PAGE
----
NCAA athletes have two major truths in when it comes to their college athletics: Athletes are not being fairly compensated for the value they bring to their schools and conferences or the revenue that follows, and there is more than enough money to correct that.
The question is how to bridge that divide. Given the obscene amounts of money being paid to some conference commissioners and coaches, it’s no longer a question that can go unanswered with NCAA athletes.
Cutting checks to the players is a non-starter, for reasons too numerous to mention, and that stance is unlikely to change anytime soon. But there are other ways to compensate these athletes in a way everyone can find agreeable, largely by expanding benefits they already get.
Pay for athletes’ families to accompany them on recruiting visits. Provide health care beyond graduation. Open a 15-year window during which NCAA athletes can return to finish their degrees or earn additional ones, be it at the bachelor or advanced level.
Now, before anyone starts squawking, let’s dispense with the notion that Division I athletes are the amateurs of the quaint old days. They’re not.
The NCAA limits in-season practice to 20 hours a week. But when you factor in time spent in the weight room, studying film, with trainers or doing anything else related to their sport, it is more like 32 hours or more, according to a 2011 NCAA survey.
When Nick Saban can clear $11 million, as he will this year, or Big Ten commissioner Jim Delany gets a $20 million bonus, it’s not hard to do the math and realize those kind of payouts are only possible because the athletes are little more than indentured servants.
Yes, they get an education for their trouble — though how much that education is worth varies greatly depending on the school, the sport, the self-interests of their coaches and, in fairness, the priorities of some of the NCAA athletes themselves.
Evening the balance sheet is not only the fair thing to do, it’s fast becoming the only thing to do. Either the NCAA, schools and conferences get together to fix this, or it will be done for them by the courts or a player revolt.
“I don’t think anyone necessarily wants that, but players increasingly see the voice they have and the potential power they have,” said Jon Solomon, a longtime college sports reporter who is now editorial director for The Aspen Institute’s Sports and Society Program.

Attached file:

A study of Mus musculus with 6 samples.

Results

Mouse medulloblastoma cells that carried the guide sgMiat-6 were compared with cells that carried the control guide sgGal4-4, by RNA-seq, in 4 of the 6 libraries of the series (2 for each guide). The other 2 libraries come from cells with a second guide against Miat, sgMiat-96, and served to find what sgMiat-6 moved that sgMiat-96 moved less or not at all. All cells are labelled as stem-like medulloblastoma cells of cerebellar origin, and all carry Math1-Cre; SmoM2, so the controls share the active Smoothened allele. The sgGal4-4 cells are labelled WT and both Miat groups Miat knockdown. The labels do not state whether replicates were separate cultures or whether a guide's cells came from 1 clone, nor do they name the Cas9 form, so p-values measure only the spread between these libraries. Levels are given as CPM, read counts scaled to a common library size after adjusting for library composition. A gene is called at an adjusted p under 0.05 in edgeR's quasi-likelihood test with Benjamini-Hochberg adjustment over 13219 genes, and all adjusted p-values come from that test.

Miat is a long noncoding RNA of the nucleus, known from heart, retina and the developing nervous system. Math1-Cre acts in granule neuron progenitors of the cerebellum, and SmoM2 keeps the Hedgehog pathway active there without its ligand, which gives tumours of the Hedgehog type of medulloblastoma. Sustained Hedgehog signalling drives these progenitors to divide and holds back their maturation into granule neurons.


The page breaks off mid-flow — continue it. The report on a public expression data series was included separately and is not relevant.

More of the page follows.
The biggest question is always how to pay for this so it doesn’t gut non-revenue sports or smaller schools’ athletic budgets. The solution is actually quite simple: Take a percentage of the College Football Playoff payout and TV contracts for the NCAA basketball tournaments, and put it in a fund for expanded benefits.
Solomon has estimated that taking 4.4% just from last year’s CFP payout would equal $19.3 million. Consider that the NCAA will get more than $760 million this year from CBS and Turner for the men’s basketball tournament, and you can see how this all adds up.
If it’s still not enough, take 1% of the total compensation given to the Power Five and Group of Five commissioners. While we’re at it, take 1% from the 10 highest-paid coaches in football and men’s and women’s basketball, too.
Oh, and if a school builds one of those ostentatious athletic facilities, slap a 5% tax on the construction costs. If nothing else, maybe it will slow the arms race on the recruiting Taj Mahals.
Such a plan needs fine-tuning, obviously. Criteria to determine what medical claims are paid will have to be established. A 40-year-old former football player who needs a knee replacement would qualify, but what about the 35-year-old former basketball player who blows out his or her knee in a pickup game? Does the former sprinter who has stayed in shape get more consideration than the wrestler who now leads a sedentary lifestyle?
As for those names, images and likenesses, what would that cover? Could there be a scenario in which the schools or conferences partner with their athletes on, say, a video game? What role would there be for agents or financial advisers?
Thorny details, to be sure. But college athletics has no shortage of smart, creative people who can figure it out.
It’s already started. The Pac-12 now covers medical expenses for injured athletes for up to four years after they leave school. The Power Five conferences have explored expanding benefits to include, among other things, lifetime scholarships and financial support for recruits’ travel.
The money is there to make college sports more equitable. Now it’s a matter of finding the will and the way.